The Pittsburgh Steelers sent shock waves throughout the fan base when they signed free agent safety Morgan Burnett, who previously played for the Green Bay Packers. By now, everyone has heard the usual tidbits on Burnett:
- Has had injury issues in the past
- Very versatile
- Great tackler
And so on, and so forth.
I wanted to get to know what the Steelers were getting, and decided to reach out to Evan “Tex” Western from Acme Packing Company, SB Nation’s Packers website, to ask him a few questions about the man he covered since his rookie season.
Take a look at the interview below:
Morgan Burnett hasn’t played a full season since 2012. Have his ailments been similar, like a lingering knee injury, or just fluke maladies?
While Burnett has missed time each of the last few seasons, it has been almost entirely due to minor, or nagging, muscle-related injuries. He has had a few hamstring pulls (which is what kept him out of a few games in 2017 and 2013), he popped up on the injury report a few times with a groin issue, and he missed a few games in 2015 with a quad injury. However, the only notable major injury he has suffered as a pro was a torn ACL as a rookie in 2010, but he bounced back from that without any issues in the following seasons. There’s certainly a good chance he misses a game or two with something in 2018, but there’s no reason to think that he has any particular limitations from any of his previous issues.
Burnett has played a number of positions while in Green Bay. Where does he excel the most?
By far, Burnett’s best role is as a roving box safety where he can support the run. He rarely misses a tackle and has an excellent nose for sniffing out ball carriers and avoiding blocks. Interestingly, he played a little more of a free safety role early in his career before moving down towards the box, and as the years have gone on he has taken on more and more responsibility at different spots. He also lined up frequently as a slot cornerback and a sub package linebacker in 2016 and 2017; opposing teams did not target him a whole lot in coverage out of the slot last year, but when they did they were successful as he allowed a passer rating over around 133 (according to Pro Football Focus). If you can keep him in more of a run support role while giving him a handful coverage assignments on running backs or tight ends, that’s probably where he’ll be at his best.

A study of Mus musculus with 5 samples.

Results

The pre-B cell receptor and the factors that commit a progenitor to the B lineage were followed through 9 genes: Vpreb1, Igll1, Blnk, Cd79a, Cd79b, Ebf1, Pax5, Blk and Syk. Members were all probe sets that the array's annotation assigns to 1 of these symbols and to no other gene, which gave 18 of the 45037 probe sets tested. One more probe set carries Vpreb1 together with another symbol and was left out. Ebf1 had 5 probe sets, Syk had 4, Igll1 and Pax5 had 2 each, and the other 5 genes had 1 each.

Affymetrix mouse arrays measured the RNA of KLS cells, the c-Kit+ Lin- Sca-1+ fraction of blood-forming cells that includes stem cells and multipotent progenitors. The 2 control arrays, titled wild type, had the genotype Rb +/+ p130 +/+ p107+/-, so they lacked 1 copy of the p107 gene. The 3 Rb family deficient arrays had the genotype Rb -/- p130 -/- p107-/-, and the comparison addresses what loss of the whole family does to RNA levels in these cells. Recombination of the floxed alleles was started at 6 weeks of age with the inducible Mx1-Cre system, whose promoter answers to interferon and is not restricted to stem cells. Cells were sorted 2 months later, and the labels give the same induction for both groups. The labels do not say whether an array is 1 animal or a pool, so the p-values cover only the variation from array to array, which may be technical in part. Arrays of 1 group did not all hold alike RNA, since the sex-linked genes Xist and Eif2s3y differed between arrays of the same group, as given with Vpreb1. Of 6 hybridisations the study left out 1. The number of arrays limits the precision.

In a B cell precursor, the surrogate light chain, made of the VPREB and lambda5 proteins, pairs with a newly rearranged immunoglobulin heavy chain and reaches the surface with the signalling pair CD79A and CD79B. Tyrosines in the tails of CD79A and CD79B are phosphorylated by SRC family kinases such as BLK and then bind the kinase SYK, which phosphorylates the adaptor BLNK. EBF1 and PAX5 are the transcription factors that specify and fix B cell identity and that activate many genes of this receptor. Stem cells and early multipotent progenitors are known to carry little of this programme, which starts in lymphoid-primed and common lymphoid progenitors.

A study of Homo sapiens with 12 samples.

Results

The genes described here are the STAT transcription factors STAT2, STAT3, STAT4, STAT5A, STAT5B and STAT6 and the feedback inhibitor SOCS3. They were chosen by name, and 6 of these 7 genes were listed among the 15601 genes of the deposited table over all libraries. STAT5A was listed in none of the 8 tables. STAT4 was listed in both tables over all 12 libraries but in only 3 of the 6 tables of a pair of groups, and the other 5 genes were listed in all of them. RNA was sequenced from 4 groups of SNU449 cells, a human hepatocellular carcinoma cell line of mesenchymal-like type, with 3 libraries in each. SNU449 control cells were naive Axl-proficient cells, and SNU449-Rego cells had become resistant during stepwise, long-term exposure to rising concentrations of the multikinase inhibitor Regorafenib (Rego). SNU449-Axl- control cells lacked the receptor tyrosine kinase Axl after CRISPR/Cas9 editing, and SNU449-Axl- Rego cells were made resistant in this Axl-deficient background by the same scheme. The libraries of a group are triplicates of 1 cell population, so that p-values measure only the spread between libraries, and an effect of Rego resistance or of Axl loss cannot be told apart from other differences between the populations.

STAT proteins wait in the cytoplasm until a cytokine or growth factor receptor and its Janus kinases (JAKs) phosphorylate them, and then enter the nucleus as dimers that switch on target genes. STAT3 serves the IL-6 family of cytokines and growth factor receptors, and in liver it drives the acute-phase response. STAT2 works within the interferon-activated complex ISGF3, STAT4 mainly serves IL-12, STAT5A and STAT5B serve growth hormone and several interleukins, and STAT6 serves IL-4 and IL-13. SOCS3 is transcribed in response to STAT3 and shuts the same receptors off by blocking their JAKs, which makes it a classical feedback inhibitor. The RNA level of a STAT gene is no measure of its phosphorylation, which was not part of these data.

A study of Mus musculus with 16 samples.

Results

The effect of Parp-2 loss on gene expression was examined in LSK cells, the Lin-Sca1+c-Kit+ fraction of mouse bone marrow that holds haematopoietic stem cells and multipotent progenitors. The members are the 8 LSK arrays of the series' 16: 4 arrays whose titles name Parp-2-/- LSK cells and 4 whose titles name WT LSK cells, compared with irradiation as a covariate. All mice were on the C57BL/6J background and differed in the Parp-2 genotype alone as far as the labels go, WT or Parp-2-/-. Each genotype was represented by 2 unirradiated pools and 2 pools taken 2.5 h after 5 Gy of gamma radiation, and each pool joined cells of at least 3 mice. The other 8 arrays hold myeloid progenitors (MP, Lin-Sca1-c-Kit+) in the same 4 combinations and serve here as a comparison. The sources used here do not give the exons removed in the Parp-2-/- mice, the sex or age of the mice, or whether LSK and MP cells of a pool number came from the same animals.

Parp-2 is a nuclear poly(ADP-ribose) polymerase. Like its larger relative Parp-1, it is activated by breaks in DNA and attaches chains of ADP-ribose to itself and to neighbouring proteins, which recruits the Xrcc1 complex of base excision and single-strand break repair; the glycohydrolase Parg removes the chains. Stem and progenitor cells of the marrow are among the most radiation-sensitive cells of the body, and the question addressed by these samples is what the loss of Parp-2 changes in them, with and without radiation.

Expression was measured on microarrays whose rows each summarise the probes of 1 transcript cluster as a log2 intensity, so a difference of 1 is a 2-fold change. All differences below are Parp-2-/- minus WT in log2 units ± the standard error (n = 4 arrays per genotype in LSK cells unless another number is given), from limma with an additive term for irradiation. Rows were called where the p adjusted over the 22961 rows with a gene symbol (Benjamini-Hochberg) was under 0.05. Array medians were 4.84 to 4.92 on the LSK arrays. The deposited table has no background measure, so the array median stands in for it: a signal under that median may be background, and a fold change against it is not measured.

Were the Packers interested in bringing Burnett back? Why or why not?
The team was definitely interested, in large part because of his leadership and veteran presence in the locker room. He also wore the communications helmet on defense for the last few years and was very much the field general for that unit, making sure everyone was aligned properly. His impact probably goes beyond just his own stats and performance, as the defense appeared to be much more coordinated with him on the field and more prone to blown assignments and miscommunications when he was sitting out. However, early on in free agency, rumor had it that he was looking for upwards of $8 million per year, which seems far too pricey, but I expected his market to drop down into the level that the Packers would be comfortable with signing him. Apparently that isn’t the case.
What is your general description of what fans can expect from Burnett?
All told, Burnett is a solid tackling safety with the ability and experience to pitch in at a variety of different positions. He won’t blow anyone away with his coverage ability, but does enough to get by and brings a wealth of veteran experience to ensure that he’ll be in the right place at the right time. If he were paired with a good ball-hawking free safety, he would make for a very good traditional strong safety, but his versatility ensures that he can find a role in pretty much any defensive scheme.
A huge thanks to Evan for helping us out with this article, and hopefully it helps fans get a more realistic viewpoint of the newest member of the Pittsburgh Steelers.
Stay tuned to BTSC for the latest news and information on the black-and-gold heading into the NFL Draft.